I Was Warned About ‘Phantom Baby’ After My Baby’s Death. I Should’ve Listened.
If you lose a baby, they might warn you that one “side effect” of the death may be “phantom baby.” It’s a real thing. A psychological part of the grief process.
When my baby girl, Madeline, died, July 31, 2004, I was warned about phantom baby, too. However, I was thunderstruck during those darkest days, too numbed to understand anything they said to me. It wasn’t until the house was quiet, the casseroles were tucked in the freezer and the sympathy letters stopped filling the mailbox that I came to understand exactly what they had warned me about.
The first night she came, I was fast asleep and was awakened in the darkness to the crystal clear sounds of a baby crying in the distance. In the confusion of the moonlight, there was that moment, that split second when my heart told my brain that her death had just been a bad dream — it had to be, because she was alive and she was crying out for me. “Go to her!” my heart said. “Hurry!” So I got up in a panic to reach her, to comfort her, to stop her crying… and then, in one gut-wrenching bolt, as my feet hit the cold floor, it hit me. She is dead. Her crying stopped and mine began. Sobs washed over me until I could not breathe. I was left shattered.
That first year, she came to me often. Each time as devastating as the time before. My saving grace is that my husband and I were in grief counseling together. He was hearing her, too… our phantom baby. Otherwise I would have thought I was truly coming unhinged by my sadness. Despite the depth of my grief, and no matter how much I wanted her back, I never once believed it was truly Madeline reaching out to us from beyond, although I came to understand how easy that would be to believe. I always knew, in the light of day, that it was just my body’s way of trying to process her death. It didn’t make it any easier when it happened, but I understood what they had warned me about and why.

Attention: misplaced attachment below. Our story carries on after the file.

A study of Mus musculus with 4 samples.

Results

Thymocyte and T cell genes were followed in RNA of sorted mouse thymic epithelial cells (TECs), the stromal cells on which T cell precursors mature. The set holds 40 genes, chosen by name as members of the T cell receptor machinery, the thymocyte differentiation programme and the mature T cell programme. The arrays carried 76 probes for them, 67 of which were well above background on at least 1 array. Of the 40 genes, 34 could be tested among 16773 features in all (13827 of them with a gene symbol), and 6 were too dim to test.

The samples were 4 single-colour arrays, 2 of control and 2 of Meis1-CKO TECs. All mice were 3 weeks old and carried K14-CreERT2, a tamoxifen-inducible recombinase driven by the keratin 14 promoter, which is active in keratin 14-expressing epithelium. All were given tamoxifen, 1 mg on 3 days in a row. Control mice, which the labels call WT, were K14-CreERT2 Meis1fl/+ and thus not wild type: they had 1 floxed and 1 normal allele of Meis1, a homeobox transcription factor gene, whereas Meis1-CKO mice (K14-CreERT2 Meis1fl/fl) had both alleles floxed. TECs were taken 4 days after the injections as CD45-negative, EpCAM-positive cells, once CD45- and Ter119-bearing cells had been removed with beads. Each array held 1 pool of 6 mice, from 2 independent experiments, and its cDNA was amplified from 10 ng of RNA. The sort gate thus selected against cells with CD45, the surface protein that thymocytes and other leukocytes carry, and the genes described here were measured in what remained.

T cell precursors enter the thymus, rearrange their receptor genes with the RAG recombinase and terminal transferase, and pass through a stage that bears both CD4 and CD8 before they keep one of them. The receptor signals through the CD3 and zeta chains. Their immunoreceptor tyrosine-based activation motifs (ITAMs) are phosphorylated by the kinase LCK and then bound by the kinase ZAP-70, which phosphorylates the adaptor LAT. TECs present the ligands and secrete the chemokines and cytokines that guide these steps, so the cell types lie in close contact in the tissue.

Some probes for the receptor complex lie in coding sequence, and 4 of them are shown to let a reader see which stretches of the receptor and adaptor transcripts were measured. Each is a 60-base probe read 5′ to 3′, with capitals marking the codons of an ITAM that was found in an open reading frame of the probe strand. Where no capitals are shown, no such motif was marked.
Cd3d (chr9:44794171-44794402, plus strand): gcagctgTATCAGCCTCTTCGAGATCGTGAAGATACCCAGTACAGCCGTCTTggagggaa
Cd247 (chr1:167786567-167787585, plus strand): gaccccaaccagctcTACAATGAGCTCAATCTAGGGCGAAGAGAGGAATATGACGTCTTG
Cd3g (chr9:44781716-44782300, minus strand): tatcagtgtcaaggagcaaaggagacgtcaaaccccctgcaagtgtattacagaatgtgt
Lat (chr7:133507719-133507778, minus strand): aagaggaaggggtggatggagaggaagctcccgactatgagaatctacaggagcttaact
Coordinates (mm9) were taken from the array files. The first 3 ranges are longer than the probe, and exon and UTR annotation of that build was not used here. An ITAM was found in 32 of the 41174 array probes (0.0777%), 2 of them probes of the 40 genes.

As the years passed, the phantom baby stopped coming at night. My heart was still broken and my grief was still raw, but at least the nights held less fear. That changed the year of the 10th anniversary of Madeline’s death.
It was the summer of 2014 and my husband was out of town. I had tucked my two living daughters into their beds, read my book and gone to sleep as usual. I was shocked awake in the darkness of night by a voice calling out to me: “Help me, Mama! Help me!” I sat up and raced down the hall, my heart beating out of my chest, only to find both of my daughters, lying still, fast asleep. I was so confused. I had heard one of them crying. I was sure. I walked back to my room and looked at the baby monitor perched at my bedside. I turned it on and off, wondering if it was picking up another baby in the neighborhood. Although I was still shaky, I lay my head back down on the pillow. As I drifted to sleep, the voice urgently called to me again. “Mama! Help me!” I ran like lightning to my girls’ rooms, faster this time, terrified. Once more, I was met with two beautiful little girls sleeping peacefully. I walked a second time back to the baby monitor and stood there in the quiet darkness.
It hit me like a lightning bolt. Phantom Baby had grown up. My Madeline would have been 10. There, in the darkness of my room, my fear subsided. I smiled. Ten. I felt the old pain, familiar now, somehow comforting. I padded back to my bed and cuddled in the covers, deep. I cried softly as I closed my eyes and whispered, “Goodnight, Madeline. I love you.”
This year, it has been 12 years since my Madeline died. I still miss her. I still grieve deeply, though not as often now. As we approach the anniversary of her death day this year, I wonder what tricks my heart will hold for me. Will Phantom Baby return or will the day pass with me quietly crying, remembering those raw moments after she died? I cannot know, but I welcome the pain as my last reminder of her.